California Seeks Official Disclosure Limits –

Just when you thought the war and the worry over public pension disclosure was over in the Golden State, California may enact a law to specify limits on private equity disclosures. The law, which was proposed in the California State Senate last week, would codify limits that California has put on such disclosures through court decisions and legal agreements. The law could be voted on by the entire State Senate by May and go into effect starting next year.

California State Senator Joe Simitian introduced the legislation, S.B. 439, citing concerns from the private equity community over possible future lawsuits as a result of California’s public disclosure laws and what he characterized as a misuse of those laws to gain competitive business advantage. “I’m trying to balance legitimate competing interests between the public’s right to know and keeping proprietary information confidential,” said Simitian, whose 11th senate district in Silicon Valley is home to much of the venture capital industry.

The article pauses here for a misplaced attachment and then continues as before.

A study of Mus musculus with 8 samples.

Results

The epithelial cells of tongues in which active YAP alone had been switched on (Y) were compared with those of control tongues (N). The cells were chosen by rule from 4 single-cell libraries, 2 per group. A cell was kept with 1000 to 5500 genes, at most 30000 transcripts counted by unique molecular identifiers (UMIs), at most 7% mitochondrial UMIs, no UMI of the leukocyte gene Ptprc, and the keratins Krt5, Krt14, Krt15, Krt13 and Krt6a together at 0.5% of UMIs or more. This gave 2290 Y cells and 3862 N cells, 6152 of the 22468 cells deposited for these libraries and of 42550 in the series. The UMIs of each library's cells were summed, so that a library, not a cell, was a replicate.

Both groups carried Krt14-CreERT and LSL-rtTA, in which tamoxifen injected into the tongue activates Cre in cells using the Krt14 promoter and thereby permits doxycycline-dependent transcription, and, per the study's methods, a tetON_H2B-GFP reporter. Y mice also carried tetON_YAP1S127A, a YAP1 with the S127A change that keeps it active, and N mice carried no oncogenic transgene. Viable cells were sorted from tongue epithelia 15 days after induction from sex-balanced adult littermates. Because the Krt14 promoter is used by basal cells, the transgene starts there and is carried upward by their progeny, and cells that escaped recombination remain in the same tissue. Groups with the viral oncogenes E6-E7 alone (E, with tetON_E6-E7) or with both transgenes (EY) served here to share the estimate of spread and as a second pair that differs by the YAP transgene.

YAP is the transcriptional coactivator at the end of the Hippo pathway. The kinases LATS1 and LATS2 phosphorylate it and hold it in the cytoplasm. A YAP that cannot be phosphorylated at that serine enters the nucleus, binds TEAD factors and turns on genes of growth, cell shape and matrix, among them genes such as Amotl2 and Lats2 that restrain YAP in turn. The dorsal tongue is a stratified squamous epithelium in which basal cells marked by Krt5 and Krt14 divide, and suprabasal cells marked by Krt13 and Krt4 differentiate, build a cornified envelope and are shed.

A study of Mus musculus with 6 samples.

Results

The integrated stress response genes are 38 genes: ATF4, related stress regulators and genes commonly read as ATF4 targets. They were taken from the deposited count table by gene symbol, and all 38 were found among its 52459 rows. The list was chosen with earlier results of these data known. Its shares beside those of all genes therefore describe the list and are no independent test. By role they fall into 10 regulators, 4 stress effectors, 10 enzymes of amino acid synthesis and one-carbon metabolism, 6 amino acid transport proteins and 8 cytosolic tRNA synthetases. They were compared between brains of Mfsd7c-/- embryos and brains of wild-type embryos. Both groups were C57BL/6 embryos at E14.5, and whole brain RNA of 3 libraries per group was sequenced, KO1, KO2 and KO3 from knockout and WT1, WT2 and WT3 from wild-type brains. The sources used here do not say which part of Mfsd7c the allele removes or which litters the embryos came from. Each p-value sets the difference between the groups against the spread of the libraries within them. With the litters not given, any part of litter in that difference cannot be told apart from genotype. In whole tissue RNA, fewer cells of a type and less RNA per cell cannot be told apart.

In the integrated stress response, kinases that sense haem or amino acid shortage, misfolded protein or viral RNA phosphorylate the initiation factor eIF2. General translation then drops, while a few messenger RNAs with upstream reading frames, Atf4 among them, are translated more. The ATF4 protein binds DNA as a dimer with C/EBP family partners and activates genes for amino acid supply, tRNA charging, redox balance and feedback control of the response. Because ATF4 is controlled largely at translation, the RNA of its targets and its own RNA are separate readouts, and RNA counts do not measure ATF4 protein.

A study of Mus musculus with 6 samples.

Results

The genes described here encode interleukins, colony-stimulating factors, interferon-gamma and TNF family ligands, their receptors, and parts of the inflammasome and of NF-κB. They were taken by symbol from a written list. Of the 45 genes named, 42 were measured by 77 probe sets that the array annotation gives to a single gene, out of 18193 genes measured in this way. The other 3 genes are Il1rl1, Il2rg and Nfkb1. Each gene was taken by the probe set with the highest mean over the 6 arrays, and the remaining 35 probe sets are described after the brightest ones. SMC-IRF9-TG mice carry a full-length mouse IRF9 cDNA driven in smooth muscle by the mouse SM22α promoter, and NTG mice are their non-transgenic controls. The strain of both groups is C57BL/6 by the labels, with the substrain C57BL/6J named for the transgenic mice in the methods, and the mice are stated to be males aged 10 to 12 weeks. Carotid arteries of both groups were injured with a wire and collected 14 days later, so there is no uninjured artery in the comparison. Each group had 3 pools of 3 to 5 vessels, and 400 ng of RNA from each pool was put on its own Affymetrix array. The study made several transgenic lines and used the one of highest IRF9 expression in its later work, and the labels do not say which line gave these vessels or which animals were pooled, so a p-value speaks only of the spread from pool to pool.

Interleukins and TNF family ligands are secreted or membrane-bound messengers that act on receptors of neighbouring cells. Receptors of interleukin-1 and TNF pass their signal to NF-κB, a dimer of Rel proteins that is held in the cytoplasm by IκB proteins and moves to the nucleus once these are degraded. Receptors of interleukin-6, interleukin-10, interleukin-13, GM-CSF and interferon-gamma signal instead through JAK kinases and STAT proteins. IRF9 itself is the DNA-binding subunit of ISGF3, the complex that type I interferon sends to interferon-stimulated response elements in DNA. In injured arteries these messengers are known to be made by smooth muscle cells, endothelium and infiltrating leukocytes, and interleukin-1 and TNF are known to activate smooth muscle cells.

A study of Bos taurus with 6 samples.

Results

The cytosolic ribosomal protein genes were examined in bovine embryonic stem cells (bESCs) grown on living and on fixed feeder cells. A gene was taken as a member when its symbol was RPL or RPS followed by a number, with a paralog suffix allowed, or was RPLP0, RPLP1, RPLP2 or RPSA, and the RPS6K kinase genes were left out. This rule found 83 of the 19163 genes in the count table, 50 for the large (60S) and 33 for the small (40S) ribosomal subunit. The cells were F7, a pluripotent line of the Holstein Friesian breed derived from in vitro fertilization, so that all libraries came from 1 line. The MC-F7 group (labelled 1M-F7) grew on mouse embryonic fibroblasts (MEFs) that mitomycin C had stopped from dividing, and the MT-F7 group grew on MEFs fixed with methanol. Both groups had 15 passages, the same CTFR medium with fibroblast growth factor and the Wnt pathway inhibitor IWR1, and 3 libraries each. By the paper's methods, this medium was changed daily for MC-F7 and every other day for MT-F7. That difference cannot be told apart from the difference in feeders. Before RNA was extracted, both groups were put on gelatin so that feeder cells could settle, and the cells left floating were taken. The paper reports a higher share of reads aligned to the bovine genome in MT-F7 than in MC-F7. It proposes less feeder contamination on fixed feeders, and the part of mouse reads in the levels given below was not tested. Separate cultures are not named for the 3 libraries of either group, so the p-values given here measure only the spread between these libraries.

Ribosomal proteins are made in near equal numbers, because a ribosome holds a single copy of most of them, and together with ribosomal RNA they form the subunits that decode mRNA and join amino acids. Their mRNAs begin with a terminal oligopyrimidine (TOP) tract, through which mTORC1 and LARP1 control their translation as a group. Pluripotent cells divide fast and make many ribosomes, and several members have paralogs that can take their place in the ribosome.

“This area has raised some interesting questions,” said Simitian. “At what point do you want to share information that undermines the competitive advantage to the very firms that are providing returns to our pensions and endowments?”

The Senator’s bill was sent to the State Senate’s Judiciary Committee, which will hold hearings on the proposal on April 26. While the bill may come to a vote before the State Senate by May, it would still have to work its way through the State Assembly. Simitian says he is optimistic that the law can be passed and signed this year and go into effect at the start of 2006.

Lawsuits and legal agreements involving The San Jose Mercury News and the California First Amendment Coalition set a standard whereby some information such as management fees, returns, and amounts invested in funds are disclosed by portfolio company information is kept confidential.

Proponents of the legislation say that the door is still open for future legal battles without a written law for guidance. “It provides us some assurance that we can access top tier funds without any question as to what will be disclosed in the future,” says CalPERS spokesman Brad Pacheco.